Is there an extender for the Canon TS 24mm? I heard it is possible to make it a 45mm but I can't find much information on the web.

2 Answers 2


Both Canon 1.4x and 2x extenders work - more information here (search within the page for extender). Additionally, fitting this on a 1.6x crop-sensor body will give an equivalent of 38.4mm focal length. This route would avoid the incorrect aperture reporting issues, and potentially offer better image quality than when using an extender - if you happen to have access to a crop-sensor body of course.

  • Ah, this is surprising... I haven't looked at the rear of my 24 TS/E mk I in a while, it never occurred to me that it might have room for a Canon converter!
    – Staale S
    Mar 11, 2015 at 10:29
  • Apparently they do (with several caveats) with the mkII version, it's a significantly different design to the mkI though so I'm guessing there will be even more caveats - if it works at all.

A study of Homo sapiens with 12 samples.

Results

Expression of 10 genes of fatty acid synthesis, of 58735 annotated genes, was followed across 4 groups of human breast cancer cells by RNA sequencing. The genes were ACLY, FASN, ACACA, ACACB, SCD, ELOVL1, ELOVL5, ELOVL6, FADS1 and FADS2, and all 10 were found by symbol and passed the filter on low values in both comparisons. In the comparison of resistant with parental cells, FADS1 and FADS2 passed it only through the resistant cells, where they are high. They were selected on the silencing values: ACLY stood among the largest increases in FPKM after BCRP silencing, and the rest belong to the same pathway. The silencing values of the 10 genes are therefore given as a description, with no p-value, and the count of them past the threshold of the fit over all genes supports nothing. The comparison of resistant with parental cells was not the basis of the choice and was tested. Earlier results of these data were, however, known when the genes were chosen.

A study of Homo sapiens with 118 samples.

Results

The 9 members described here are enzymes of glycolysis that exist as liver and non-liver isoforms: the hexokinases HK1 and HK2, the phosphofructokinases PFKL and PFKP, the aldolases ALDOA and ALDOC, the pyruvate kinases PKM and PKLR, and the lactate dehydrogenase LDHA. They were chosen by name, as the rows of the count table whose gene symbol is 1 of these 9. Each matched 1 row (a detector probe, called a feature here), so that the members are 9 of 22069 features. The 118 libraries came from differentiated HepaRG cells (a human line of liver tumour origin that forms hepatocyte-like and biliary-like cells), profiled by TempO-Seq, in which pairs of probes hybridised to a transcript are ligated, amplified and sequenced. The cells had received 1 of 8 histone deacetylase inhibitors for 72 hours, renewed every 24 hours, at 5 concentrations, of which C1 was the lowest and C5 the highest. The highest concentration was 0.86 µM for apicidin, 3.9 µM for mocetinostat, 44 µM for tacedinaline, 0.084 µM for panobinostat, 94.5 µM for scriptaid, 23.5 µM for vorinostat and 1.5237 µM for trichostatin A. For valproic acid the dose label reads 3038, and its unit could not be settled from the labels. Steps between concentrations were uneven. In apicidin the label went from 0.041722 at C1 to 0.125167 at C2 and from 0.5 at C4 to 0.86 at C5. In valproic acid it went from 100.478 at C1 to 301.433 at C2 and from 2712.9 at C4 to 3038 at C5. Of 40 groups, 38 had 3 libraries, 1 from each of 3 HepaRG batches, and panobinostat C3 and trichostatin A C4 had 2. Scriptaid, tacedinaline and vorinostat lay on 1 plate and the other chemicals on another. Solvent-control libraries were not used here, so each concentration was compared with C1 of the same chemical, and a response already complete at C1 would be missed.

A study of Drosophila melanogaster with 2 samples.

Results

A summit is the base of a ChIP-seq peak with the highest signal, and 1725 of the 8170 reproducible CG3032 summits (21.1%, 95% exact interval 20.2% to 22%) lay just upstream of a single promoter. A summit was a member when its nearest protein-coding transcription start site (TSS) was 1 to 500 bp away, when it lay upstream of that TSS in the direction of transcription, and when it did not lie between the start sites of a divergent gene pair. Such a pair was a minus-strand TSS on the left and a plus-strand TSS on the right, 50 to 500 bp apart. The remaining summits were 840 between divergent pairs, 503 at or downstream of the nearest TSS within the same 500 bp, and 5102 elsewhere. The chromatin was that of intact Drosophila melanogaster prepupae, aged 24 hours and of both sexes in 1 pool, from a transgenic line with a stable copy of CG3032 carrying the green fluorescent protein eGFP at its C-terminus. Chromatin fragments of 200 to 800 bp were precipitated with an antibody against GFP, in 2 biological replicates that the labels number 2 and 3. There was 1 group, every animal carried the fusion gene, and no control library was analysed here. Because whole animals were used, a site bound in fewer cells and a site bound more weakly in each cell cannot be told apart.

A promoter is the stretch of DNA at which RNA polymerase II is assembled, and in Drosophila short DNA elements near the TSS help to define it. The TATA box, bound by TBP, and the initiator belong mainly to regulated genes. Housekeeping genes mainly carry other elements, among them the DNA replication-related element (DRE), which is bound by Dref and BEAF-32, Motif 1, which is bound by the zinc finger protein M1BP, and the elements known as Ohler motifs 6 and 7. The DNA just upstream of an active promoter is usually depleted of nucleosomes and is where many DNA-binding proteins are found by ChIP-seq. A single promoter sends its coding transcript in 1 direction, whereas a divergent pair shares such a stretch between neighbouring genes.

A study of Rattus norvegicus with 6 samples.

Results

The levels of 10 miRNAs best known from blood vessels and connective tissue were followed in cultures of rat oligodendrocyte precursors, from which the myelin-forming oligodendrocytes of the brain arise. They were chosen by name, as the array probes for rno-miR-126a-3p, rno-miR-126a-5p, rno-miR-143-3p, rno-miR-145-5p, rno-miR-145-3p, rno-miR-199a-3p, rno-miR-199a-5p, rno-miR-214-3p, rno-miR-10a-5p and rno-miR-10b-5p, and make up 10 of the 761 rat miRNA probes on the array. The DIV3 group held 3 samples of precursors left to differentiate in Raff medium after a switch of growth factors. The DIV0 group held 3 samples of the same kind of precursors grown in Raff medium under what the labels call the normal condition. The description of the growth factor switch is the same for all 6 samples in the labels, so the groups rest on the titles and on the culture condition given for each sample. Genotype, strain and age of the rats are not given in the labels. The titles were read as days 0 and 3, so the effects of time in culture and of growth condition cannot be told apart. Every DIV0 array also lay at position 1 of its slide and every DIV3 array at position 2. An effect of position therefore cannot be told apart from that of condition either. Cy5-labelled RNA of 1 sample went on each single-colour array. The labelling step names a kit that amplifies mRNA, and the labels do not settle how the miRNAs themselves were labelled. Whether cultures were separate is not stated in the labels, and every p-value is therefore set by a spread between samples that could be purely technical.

– Darkhausen
    Mar 11, 2015 at 10:43

Canon teleconverters won't fit because they have a protruding front element that needs a corresponding recess in the host lens, which only the Canon L-series teles have, but third-party ones from Tamron and others should fit. Not Sigmas, they have similar design to the Canons. Optical quality is another matter, it is usually desireable to stop down a bit to mask the quality loss with a teleconverter installed. And frankly I have no idea if this will work at all if you tilt or shift the lens... Actually, I have the Canon 24mm tilt-shift at home (mkI, but it should make no difference), and a 1.4x converter, so I might just try this out for laughs.

Anyway, assuming that it works, a 1.4x converter would make the 24mm into a 34mm, a 2x will make it a 48mm. With corresponding loss of one or two f-stops, respectively. The 24mm f/3.5 will become a 34mm f/5, or a 48mm f/6.3, or something like that, anyway. And as said it is usual to stop down a bit to regain a bit of the lost sharpness and contrast with a teleconverter in place.